Story by Amy S. Toohill
My father was my Rock of Gibraltar, my strength. He was such a strong man with so much wisdom. As the youngest of ten children, you’d think I’d just get lost in the crowd—but my Dad and I had a very special relationship. He used to call me “Schnook”. I grew up with chronic pain and had a real hard time as a kid fitting in. My Dad was always there for me lending me a shoulder to cry on and an endless supply of hugs. He gave the kind of hugs that made you feel so safe and protected. And he never gave up on me, even when I wanted to give up on myself. He gave me the strength that I didn’t think I had.
In July of 1992, my Dad was diagnosed with terminal brain cancer. He was given two weeks to two months to live. On October 10th–two and a half months later, my Dad’s final journey here on earth ended. It’s was the hardest thing I’ve ever experienced in my life. I felt as if my world had crumbled all around me. My Mentor, my Rock was gone. But as hard as the experience was, in those two and a half months, I learned so much from him. Lessons that I will carry with me for the rest of my life.
From the moment that my Dad was diagnosed with cancer, he started to prepare himself and everyone he loved for his final journey. He faced his death with such grace and dignity. He left no words unspoken. We shared so much those two and a half months and made so many memories.
One particular memory will always stand out in my mind. It was a day in September, about a month before he died. I went out to the hospital to spend my evening with him like I did every day. I could tell something was on his mind. He told me that he wanted me to read something that he wrote and let him know what I thought. He handed me a piece of paper and as I started to read, I realized that it was his eulogy. He had written his own eulogy for his funeral. Although I wanted to rip it up and pretend that he was going to be with me forever, I knew that this was very important to him and so I read it. It was so beautiful, yet I can’t imagine how difficult it must have been for him to write.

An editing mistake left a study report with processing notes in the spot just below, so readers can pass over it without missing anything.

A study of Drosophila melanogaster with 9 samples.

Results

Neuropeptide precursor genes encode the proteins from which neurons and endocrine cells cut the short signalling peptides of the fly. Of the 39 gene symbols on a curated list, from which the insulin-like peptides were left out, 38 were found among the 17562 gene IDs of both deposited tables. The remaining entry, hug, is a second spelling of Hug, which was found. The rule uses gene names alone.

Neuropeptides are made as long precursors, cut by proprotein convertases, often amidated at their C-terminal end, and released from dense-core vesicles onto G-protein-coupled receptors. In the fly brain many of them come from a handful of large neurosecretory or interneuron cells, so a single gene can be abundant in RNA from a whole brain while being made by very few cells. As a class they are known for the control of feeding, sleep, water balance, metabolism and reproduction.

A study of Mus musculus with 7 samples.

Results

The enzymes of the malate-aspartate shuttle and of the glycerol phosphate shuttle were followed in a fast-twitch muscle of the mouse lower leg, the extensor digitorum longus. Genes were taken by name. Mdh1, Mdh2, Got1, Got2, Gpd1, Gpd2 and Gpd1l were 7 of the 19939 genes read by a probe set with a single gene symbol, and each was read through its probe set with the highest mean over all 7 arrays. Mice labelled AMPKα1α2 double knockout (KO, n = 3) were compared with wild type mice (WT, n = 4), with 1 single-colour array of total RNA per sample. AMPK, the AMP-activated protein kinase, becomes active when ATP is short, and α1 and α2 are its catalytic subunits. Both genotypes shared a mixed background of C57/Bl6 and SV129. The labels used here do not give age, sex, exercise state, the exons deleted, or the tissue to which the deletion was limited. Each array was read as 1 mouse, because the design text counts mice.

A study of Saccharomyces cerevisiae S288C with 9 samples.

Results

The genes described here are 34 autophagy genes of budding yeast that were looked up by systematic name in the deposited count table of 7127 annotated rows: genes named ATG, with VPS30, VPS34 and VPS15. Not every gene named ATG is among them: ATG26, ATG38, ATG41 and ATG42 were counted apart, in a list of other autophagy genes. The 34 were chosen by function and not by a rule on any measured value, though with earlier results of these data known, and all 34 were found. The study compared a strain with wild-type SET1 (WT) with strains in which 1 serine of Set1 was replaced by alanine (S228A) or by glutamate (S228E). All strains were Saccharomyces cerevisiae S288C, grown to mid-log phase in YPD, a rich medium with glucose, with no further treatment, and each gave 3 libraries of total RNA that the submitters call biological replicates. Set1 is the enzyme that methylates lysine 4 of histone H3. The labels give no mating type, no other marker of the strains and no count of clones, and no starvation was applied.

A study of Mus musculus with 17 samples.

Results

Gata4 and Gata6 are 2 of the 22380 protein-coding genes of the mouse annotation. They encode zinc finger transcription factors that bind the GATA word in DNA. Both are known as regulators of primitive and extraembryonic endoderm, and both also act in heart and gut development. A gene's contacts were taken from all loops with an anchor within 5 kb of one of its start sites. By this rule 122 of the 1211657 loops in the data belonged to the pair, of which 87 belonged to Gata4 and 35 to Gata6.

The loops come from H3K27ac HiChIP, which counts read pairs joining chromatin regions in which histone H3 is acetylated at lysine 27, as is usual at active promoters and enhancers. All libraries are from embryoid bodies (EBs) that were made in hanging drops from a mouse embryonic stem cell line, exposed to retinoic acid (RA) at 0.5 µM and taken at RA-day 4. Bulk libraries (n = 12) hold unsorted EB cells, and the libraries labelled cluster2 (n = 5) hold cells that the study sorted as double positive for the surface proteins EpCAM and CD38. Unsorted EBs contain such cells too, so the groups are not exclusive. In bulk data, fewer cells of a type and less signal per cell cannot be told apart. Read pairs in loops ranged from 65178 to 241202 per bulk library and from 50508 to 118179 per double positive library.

I never considered myself a strong person, in fact just the opposite. I always looked to my Dad for strength, and he was always right there ready to give it. On that day in September, as I read my father’s eulogy through my tears, an overwhelming sense of pride came over me. I was so proud that my Dad actually felt that I was strong enough to handle that. That he felt comfortable enough to share such a personal and emotional thing with me. I can’t tell you how honored I was that he wanted to share that with me.
My Dad has been gone for seven and a half years now. It’s been hard, and not a day goes by that I don’t think about him and wish he was here with me. I miss him very much. I miss his wisdom, I miss his hugs and most of all, I miss hearing him call me “Schnook”. But I feel his presence and I take a lot of comfort in knowing that he is up in Heaven looking down on me. It’s ironic, he was always my strength. But that day in the hospital when he asked me to read his eulogy, I think it was his way of showing me that I had my own source of strength inside of me the whole time… and that I was going to be OK. That was his gift to me.